Tuesday, July 7, 1998 Published at 15:54 GMT 16:54 UK
Business: The Company File
Pound may drive Rover abroad
Rover could eventually switch car production abroad
The Rover group is seriously considering using cheaper foreign suppliers instead of British companies.
The group which makes Rover, Land Rover and MG cars says it is examining the move because the continuing strength of the pound is now hitting profits hard.
The move could have serious impact on as many as 200,000 jobs in the UK car parts industry.
However it has stressed it has no immediate plans to switch car production abroad and there was no risk to the 40,000 employees at its British plants.
The clarification of the position was made by the company after a Rover senior executive was quoted in Auto Express magazine.
The executive - who was not named - said the currency situation was so serious that "we have to consider the possibility of building abroad".
He added that the company had "a crisis on its hands".
Ian Strachan, director of corporate communications for Rover, admitted that the strong pound was causing concern.
He said: "We have said for some time that the overvalued pound is making things difficult for us.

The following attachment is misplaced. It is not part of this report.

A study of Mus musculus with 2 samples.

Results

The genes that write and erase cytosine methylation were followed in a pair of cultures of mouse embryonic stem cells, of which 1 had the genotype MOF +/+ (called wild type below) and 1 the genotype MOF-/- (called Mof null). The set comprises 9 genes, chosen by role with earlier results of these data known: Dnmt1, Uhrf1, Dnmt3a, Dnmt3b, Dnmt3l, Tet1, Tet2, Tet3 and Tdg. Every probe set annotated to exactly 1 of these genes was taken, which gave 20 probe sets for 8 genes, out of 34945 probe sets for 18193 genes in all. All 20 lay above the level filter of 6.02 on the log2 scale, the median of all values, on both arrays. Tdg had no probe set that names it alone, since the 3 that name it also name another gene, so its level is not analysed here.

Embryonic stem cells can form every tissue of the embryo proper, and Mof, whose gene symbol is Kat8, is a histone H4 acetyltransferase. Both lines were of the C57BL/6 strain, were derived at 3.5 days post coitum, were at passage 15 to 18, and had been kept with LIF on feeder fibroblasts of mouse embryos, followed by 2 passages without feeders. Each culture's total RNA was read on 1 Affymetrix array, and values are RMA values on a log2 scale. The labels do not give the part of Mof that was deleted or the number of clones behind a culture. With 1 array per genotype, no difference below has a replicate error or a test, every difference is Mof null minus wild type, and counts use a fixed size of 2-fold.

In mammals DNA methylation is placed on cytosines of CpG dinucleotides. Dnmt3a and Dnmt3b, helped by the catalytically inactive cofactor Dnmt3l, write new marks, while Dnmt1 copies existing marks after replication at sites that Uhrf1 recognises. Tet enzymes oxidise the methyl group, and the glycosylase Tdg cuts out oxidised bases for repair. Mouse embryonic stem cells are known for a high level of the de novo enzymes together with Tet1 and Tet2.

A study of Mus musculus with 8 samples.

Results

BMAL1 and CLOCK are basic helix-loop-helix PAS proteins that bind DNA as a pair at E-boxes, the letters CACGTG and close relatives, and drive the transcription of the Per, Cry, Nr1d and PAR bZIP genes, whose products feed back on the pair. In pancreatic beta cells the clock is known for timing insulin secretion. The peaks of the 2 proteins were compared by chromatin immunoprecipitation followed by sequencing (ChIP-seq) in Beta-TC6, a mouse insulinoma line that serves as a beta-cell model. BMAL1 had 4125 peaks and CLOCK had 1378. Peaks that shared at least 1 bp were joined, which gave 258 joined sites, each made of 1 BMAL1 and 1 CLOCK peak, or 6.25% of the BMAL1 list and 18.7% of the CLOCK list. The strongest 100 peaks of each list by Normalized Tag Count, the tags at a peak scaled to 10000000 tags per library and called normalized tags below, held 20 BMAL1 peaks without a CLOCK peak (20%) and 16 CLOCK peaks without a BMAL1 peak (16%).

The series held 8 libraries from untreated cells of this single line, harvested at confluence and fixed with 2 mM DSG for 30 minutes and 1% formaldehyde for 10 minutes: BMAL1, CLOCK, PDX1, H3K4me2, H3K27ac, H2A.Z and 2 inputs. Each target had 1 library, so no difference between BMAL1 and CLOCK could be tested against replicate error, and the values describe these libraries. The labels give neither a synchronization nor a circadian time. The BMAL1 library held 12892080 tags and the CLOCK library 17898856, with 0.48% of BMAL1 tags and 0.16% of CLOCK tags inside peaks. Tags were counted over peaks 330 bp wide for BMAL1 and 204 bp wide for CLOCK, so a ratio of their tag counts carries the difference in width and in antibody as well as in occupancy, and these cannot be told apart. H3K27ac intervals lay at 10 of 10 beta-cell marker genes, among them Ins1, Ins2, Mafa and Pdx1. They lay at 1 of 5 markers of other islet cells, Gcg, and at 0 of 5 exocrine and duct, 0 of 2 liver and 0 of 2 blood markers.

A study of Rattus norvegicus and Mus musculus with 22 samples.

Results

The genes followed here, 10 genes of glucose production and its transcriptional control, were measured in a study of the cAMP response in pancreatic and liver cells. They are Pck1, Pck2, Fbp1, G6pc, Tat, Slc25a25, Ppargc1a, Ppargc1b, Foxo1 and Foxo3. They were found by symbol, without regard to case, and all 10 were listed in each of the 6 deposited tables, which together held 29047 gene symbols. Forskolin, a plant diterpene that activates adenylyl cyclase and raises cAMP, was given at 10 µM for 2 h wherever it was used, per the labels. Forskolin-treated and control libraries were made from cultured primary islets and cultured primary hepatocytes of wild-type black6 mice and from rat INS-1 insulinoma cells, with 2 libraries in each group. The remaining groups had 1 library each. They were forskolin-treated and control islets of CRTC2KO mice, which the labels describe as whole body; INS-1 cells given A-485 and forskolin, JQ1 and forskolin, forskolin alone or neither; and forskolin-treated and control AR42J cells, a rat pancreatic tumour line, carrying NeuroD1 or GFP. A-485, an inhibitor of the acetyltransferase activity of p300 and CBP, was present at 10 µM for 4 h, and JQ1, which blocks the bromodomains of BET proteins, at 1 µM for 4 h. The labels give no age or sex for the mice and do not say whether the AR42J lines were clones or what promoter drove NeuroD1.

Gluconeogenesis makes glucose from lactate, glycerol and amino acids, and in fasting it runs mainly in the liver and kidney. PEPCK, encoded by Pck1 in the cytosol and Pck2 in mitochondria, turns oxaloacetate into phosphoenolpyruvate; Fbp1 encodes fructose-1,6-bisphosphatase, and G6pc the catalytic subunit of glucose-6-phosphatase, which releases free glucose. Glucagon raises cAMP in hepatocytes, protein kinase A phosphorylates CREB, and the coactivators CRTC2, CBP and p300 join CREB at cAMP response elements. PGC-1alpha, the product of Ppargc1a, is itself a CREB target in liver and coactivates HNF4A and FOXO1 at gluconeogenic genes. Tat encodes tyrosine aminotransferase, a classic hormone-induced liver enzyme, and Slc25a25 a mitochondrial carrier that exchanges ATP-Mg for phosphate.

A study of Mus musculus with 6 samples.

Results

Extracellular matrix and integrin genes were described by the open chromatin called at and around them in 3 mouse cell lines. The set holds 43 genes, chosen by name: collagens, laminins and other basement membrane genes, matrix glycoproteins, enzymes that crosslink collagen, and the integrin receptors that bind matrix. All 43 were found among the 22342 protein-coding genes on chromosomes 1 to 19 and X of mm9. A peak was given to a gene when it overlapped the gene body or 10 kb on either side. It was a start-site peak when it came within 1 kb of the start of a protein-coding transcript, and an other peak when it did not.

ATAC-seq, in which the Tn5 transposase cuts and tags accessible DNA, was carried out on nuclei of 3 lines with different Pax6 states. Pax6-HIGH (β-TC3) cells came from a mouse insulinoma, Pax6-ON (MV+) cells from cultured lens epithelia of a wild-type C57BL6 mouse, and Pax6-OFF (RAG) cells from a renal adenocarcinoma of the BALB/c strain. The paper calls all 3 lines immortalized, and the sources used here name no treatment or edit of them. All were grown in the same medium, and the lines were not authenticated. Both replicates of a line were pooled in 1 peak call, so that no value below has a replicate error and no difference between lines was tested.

"I don't think it's quite a crisis but it is a serious issue for us and it is restricting our growth. Sales are going up. But the pound is hitting our margins. Also in our home markets, the overvalued pound is sucking in cheap imports."
This means that Rover's margins are now taking the full hit from the pound's strength as it remains stubbornly around the three Deutschmark mark level.
But Mr Strachan added: "We may use more components from overseas. We are not talking about anything beyond that."
Rover spends between £3.5m and £4m a year on components for its vehicles, with 85% of parts coming from UK companies.
The company's comments have also been echoed by other British car industry chiefs, including Ford Motor's UK chairman, Ian McAllister.
The problem for exporters could become even worse if interest rates rise again this year as some economists are forecasting.
Base rates currently stand at 7.5% after a series of rises over the past 15 months.
The strong pound has already helped push British manufacturing into recession.
The Engineering Employers Federation (EEF) is expected to announce on Wednesday that its latest survey shows export orders down for the sixth consecutive quarter.
The EEF's economist, Alan Armitage, said: "We are now beginning to see the effect of those lost orders in terms of falling output and falling jobs."